For biomedicine startups, the road to commercialization is paved with mentors and winds through Boston

the road for biomedicine startups

Marina Freytsis, PhD, supports the Technology and Innovation Development Office (TIDO) at Boston Children’s Hospital in seeking industry partnerships for Boston Children’s technologies and intellectual property.

Last week, Boston Children’s Hospital’s Technology and Innovation Development Office (TIDO) had the privilege of hosting a Boston Biomedical Innovation Center (B-BIC) panel discussion on the path from academia to entrepreneurship. We heard from Jeffrey Arnold (an angel investor), Jonathan Thon (an academic-turned-CEO) and Pamela Silver (an entrepreneurial professor).

My top five takeaways for budding entrepreneurs:

  1. Find good mentors. This piece of advice was echoed by each panelist in response to just about every question asked. Jonathan Thon reminded us that “no one is born the CEO of a company.” So, form relationships with people who have already walked the path you’re embarking upon. Not only will you likely get good advice and perspective, but you’ll be increasing your network and garnering warm introductions to VCs and angels that may fund your company. As you continue on your path you will need different mentors for the different hats you wear as an entrepreneur, so maintain a dynamic network.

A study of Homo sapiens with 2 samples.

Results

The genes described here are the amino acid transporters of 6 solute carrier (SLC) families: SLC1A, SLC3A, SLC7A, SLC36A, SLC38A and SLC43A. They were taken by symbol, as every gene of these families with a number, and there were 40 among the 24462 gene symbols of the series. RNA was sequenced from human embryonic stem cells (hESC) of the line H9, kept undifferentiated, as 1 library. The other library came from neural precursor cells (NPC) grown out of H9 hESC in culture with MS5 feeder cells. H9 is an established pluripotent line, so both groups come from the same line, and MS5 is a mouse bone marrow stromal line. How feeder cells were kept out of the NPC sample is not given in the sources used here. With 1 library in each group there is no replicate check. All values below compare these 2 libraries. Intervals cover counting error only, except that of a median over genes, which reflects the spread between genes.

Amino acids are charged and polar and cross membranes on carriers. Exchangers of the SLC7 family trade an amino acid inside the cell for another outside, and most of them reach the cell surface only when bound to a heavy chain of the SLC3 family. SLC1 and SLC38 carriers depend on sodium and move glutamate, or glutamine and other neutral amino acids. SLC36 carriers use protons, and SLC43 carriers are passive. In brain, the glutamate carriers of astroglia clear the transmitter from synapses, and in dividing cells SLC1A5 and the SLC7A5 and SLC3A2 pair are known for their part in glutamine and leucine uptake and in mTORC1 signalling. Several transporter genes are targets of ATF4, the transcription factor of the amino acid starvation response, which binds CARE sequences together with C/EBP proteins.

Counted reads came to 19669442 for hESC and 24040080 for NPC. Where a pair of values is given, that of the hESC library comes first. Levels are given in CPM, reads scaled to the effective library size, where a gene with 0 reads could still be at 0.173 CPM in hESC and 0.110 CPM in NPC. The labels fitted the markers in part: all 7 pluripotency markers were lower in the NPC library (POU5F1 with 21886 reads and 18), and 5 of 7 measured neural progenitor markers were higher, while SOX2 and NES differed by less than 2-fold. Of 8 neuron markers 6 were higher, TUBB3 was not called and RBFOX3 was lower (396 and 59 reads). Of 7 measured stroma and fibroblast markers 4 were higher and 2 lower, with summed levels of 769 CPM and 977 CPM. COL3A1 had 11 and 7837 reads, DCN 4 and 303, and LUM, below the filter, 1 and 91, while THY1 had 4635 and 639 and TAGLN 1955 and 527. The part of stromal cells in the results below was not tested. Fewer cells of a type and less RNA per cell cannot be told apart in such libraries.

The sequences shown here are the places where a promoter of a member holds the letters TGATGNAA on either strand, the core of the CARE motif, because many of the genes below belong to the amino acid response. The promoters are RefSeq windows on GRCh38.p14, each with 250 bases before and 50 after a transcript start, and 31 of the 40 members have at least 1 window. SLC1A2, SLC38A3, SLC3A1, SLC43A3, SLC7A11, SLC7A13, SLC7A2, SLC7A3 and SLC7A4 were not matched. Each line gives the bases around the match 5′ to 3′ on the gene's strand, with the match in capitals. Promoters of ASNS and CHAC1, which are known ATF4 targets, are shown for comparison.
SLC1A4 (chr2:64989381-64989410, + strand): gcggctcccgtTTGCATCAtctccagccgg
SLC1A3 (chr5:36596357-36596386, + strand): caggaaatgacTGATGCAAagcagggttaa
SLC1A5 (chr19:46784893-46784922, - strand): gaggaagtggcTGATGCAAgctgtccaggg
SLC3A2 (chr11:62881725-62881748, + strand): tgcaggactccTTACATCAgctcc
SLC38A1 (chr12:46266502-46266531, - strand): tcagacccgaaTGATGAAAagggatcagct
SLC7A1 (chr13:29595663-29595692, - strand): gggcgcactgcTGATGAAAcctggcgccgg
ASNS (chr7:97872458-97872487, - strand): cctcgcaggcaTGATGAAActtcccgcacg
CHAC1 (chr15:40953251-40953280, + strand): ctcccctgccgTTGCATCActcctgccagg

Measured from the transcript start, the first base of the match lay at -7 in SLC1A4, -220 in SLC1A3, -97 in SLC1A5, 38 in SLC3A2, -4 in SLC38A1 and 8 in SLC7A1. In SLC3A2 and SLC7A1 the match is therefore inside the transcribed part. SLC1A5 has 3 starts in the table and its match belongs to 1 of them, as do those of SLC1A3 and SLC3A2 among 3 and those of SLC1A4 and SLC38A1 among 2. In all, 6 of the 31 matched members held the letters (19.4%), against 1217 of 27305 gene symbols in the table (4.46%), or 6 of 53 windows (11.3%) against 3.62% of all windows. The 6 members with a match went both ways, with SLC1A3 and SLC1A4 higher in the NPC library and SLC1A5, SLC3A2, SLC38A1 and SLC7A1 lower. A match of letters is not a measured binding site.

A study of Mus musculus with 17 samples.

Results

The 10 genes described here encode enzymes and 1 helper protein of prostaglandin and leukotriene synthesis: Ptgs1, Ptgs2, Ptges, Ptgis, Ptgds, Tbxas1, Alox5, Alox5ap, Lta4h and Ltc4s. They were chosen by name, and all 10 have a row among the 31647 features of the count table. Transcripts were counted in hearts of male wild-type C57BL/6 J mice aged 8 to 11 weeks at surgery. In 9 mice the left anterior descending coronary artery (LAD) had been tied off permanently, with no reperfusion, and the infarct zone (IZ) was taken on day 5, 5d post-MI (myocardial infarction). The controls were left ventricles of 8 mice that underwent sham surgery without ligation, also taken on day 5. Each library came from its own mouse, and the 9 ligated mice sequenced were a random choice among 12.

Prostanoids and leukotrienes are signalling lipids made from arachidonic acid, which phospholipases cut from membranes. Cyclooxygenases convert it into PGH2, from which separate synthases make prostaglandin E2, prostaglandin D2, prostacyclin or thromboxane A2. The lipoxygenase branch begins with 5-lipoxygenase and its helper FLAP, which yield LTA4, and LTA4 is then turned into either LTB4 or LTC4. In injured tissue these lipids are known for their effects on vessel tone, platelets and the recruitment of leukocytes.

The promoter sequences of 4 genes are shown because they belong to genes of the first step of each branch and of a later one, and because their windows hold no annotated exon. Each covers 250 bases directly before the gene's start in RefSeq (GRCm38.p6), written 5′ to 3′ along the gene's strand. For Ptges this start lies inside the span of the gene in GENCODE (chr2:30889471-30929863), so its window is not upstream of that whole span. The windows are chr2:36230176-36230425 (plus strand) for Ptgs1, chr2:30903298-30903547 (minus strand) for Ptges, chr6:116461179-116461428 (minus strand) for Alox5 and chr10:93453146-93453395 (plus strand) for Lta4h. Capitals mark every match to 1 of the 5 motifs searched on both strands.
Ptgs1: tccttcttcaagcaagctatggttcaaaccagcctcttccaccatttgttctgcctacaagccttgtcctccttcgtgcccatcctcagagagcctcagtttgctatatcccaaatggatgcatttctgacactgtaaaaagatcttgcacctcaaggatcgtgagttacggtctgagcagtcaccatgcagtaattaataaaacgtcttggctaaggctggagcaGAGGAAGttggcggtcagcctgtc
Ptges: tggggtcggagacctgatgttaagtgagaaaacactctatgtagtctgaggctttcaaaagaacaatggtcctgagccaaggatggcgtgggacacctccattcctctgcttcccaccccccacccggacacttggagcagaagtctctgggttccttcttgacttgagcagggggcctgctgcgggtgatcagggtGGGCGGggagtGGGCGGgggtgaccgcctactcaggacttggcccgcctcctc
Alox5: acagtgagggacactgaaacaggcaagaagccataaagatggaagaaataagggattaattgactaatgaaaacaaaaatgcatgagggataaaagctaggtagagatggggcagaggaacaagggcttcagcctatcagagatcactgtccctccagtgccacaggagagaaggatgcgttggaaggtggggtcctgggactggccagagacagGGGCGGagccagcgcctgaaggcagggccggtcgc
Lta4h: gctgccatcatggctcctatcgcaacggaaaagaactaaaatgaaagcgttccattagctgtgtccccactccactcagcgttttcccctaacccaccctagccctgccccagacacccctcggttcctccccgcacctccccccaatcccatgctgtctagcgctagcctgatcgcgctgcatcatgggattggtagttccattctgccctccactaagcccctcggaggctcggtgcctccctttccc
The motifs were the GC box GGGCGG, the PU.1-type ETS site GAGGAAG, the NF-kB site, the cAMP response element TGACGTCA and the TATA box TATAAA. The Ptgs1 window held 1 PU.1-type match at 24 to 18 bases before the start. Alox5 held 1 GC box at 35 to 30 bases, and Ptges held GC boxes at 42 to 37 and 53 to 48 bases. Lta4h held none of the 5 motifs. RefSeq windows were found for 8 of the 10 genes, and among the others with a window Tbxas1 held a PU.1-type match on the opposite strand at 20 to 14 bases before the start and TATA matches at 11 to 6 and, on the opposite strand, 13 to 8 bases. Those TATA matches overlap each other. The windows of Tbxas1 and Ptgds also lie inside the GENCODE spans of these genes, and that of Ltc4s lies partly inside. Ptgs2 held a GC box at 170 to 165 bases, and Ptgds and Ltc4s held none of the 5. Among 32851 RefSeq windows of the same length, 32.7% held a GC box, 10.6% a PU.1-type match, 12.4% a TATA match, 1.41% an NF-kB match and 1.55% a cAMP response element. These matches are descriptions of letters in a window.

2. Ask for advice before asking for money. And then keep asking. As many people as possible. You’ll gain a better understanding of what the major problems or hurdles are in your field and get closer to a technology that really provides a solution by listening and refining your ideas in response. Do not make endless pitches to investors – not only will they not spend the time giving you honest feedback on why they won’t fund you, but they also talk to each other so your technology will get a bad rap and become essentially unfundable.
  3. Put the right people on your team. Culture counts for more in a startup than you may think. The company will only succeed if the people working the long hours next to you are excited and motivated to advance the science behind the technology. If you do hire someone who isn’t contributing or pulling the company in the wrong direction, don’t be afraid to let him or her go – startups are too lean to afford salaries that do not contribute to the bottom line.
  4. Be in Massachusetts. Massachusetts is a hub for the biotech industry. Mentors, talent and investors abound. There are dozens of accelerators – B-BIC being one – and other resources for promising companies: CIMIT, The Capital Network, M2D2, MassChallenge, MassConnect and more. But if you can’t be here, California is also a good place.
  5. Get Bob Langer on your board. The man turns every startup he touches to gold. If you can’t get him, you better have very convincing data or a very rich uncle.